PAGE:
Lester Feldman sent ABC7 video and photos of the huge potholes in the roadway that runs behind his home in the Oakland Hills.
"The largest one is something like 20 feet by 20 feet by about 2 feet deep," Feldman said.
A garbage truck got stuck on the road two months ago trying to turn around to avoid that pothole and had to be towed. Feldman says many of his neighbors are afraid to drive there anymore.
"Pieces of cars have fallen off from hitting the various bad spots," he said. "If you hit the pothole unsuspectingly, you could lose control of your vehicle."
Vitaly Troyan is Oakland's interim director of Public Works. He agrees that the road could be home to the biggest pothole in Oakland. After ABC7 called, he sent a crew to patch the worst potholes, but, he says, it is just a temporary fix.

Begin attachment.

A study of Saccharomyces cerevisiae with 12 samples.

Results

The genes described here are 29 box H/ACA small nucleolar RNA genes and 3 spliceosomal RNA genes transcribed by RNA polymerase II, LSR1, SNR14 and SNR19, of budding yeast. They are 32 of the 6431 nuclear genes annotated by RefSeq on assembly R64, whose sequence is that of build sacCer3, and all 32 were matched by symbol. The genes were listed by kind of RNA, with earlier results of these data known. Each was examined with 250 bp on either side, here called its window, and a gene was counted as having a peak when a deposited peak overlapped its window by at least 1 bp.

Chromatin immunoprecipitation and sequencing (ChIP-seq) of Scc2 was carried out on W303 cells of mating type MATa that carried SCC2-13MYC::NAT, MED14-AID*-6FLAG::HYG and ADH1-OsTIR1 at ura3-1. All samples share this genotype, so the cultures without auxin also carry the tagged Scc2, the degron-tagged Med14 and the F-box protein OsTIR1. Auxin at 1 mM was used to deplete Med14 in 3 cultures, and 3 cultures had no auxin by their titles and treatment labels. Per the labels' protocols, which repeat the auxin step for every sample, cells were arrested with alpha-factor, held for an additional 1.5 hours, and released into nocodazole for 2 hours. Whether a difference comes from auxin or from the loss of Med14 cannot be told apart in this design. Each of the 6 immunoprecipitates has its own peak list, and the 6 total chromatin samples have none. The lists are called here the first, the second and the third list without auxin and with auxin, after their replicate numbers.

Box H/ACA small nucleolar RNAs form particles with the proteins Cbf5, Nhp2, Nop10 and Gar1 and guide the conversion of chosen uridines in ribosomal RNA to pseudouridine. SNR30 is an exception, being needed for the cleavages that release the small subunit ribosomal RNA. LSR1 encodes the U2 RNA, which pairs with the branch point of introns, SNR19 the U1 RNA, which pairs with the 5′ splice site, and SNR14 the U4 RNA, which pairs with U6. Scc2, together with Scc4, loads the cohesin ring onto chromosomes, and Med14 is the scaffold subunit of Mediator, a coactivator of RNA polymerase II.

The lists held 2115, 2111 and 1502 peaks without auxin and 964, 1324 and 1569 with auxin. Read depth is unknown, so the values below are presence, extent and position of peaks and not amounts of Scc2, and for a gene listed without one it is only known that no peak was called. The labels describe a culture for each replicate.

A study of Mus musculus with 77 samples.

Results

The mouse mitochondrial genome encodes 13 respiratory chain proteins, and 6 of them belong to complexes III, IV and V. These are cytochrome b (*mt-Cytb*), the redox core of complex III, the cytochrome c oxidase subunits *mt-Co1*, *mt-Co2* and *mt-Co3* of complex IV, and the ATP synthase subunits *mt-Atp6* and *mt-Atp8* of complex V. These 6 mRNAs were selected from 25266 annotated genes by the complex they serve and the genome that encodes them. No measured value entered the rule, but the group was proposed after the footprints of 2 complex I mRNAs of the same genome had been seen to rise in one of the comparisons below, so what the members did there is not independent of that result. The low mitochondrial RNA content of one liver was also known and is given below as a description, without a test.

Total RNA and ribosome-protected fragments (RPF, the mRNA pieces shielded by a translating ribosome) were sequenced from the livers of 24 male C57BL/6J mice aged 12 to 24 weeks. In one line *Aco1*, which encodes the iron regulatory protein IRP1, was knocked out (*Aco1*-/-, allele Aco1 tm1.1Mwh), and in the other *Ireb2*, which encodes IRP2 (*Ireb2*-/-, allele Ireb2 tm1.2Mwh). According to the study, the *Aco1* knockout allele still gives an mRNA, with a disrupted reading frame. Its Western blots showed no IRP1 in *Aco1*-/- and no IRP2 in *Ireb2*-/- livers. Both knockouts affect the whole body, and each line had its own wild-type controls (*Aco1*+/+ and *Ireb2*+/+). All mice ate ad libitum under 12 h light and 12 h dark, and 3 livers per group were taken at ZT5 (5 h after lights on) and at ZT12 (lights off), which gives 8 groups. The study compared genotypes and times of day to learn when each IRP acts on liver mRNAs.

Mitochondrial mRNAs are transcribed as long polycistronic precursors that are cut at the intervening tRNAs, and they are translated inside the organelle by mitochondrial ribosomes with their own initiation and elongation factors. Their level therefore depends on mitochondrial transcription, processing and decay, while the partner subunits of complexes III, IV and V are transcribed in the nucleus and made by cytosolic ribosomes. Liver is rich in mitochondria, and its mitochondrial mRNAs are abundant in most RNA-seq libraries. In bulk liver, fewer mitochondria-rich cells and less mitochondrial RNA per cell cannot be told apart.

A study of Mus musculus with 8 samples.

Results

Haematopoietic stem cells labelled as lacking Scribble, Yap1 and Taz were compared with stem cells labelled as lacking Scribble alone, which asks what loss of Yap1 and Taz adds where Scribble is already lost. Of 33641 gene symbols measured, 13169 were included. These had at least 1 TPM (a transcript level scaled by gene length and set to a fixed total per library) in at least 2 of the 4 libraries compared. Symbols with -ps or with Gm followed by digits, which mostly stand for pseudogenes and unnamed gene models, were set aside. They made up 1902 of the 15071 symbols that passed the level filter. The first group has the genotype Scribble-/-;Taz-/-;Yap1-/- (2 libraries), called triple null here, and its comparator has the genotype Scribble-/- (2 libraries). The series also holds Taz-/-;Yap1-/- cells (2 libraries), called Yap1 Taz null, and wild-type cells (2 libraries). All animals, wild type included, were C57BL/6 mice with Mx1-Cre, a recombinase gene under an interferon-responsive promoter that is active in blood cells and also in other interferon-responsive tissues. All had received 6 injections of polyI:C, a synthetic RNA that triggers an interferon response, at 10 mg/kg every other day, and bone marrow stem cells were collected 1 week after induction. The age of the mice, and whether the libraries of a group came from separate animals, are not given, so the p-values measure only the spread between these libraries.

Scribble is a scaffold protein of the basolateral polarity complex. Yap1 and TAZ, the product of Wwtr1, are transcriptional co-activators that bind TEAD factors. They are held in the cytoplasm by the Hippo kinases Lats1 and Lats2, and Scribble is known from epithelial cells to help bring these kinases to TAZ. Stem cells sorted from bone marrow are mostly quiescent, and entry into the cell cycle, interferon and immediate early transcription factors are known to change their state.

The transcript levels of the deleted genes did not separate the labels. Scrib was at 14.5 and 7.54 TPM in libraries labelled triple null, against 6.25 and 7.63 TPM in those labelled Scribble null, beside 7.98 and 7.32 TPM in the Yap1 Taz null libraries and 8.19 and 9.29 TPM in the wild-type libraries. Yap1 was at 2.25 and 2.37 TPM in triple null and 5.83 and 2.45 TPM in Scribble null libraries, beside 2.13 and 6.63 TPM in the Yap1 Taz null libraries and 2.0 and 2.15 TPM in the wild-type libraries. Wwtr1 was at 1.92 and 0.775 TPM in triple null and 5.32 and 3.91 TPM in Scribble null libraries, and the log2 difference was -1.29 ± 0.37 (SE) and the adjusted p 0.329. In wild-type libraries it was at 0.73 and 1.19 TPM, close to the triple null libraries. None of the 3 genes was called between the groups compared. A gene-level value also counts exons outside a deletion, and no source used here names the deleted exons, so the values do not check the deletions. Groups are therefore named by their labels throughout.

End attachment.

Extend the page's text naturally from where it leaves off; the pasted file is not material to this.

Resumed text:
"The patch will last one to three years and one of two things will happen, either the patch itself will start to fail, or a piece of the pavement next to the patch will fail," he said,
Troyan says the city does not have the money to repave the roadway, which is the only long-term solution. Oakland's public works agency has laid off 100 employees in the last two years, including the city's only paving crew. The budget situation is so bad, he says roads that should be repaved every 30 years are now scheduled to be repaved every 80 years.
"A city that is having trouble retaining police does not have the resources to fix the streets it needs to fix," Troyan said.
And since federal and state money can only be used to fix major arterial roadways, Troyan says conditions on Oakland's residential streets are going to get worse. That is bad news for people like Feldman.
"Even if we wanted to go in and fix it ourselves we would still need permits to go and work in a city street," Feldman said.
Troyan says Oakland needs to spend $23 million a year to maintain Oakland's roads. Next year, he will only have $4 million to do the job.